OS and Client Security FUD

CLAIM: What really provides virus protection for the Sun Ray is the lack of viruses written for it.  Sun Ray has an OS on par with Embedded Linux.

Perhaps the other side of the coin is that the Sun Ray was designed with security in mind and that the protocol affords for an extremely small instruction set that the competition can't match.  The only commands that a Sun Ray executes locally on behalf of a user (but not instructed by a user) are drawing primitives – no application code is ever executed locally and no install is possible – and so no virus can infect a Sun Ray.

Consider the following question:  What OS does your printer have?  The point is that an "OS" that runs any user applications or requires configuration is not required on a Sun Ray.  In fact, the Sun Ray 1 line (1/1G, 100, 150, 170) only had 640 KB of flash.  The Sun Ray 2 line (2, 2FS, 270) only have 4MB, of which the Sun Ray currently uses a maximum of about 500 KB.  With IPSec/GUI Firmware features, we bumped that requirement up to a whopping 600KB.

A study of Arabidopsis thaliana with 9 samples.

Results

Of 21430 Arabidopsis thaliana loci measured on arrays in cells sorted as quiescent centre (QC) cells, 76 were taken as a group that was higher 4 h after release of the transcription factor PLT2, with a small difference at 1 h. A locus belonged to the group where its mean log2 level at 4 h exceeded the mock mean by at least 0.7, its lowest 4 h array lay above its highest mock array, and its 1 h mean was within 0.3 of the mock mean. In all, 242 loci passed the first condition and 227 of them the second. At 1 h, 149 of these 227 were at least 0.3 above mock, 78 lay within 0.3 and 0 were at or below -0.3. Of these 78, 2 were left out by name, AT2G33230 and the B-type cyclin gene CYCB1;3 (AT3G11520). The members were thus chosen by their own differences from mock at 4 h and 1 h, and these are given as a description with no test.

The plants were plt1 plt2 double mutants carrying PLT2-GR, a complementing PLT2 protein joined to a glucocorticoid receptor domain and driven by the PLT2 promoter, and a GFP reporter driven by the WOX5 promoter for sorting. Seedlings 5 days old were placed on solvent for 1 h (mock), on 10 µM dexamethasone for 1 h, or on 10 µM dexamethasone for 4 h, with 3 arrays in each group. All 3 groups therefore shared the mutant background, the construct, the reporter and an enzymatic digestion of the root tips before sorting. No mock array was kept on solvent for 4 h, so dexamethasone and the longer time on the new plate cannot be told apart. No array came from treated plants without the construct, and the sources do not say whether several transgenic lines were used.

While you consider that, here's what the competition refers to as the Sun Ray “OS”.

There is a boot flash contains a 64 Kbyte boot sector which performs POST and DSA signature checks, a 64 Kbyte emergency firmware loader to deal with bad/nonexistent firmware, and a 3900 Kbyte firmware region which holds the firmware image that is used to implement the desktop unit portion of the Sun Ray product.  The flash also holds a 4 Kbyte unit configuration area to store preset network/unit parameters.  The configuration area is optional in Sun Ray Software 4 Update 2.  There is no user data stored in the flash device unless you are using this optional firmware, and even then it will default to prompting you for this information instead of storing it.

There is a DSA signature check before and upon loading a new firmware update. The DSA signature check verifies that the firmware and loader modules are signed by the firmware production signatures to verify that the firmware has been produced by Sun or if an OEM of Sun Ray, by that OEM for their Sun Ray technology.  This means that even an OEM of Sun Ray technology could not perform a firmware update on a Sun produced Sun Ray, or vice versa.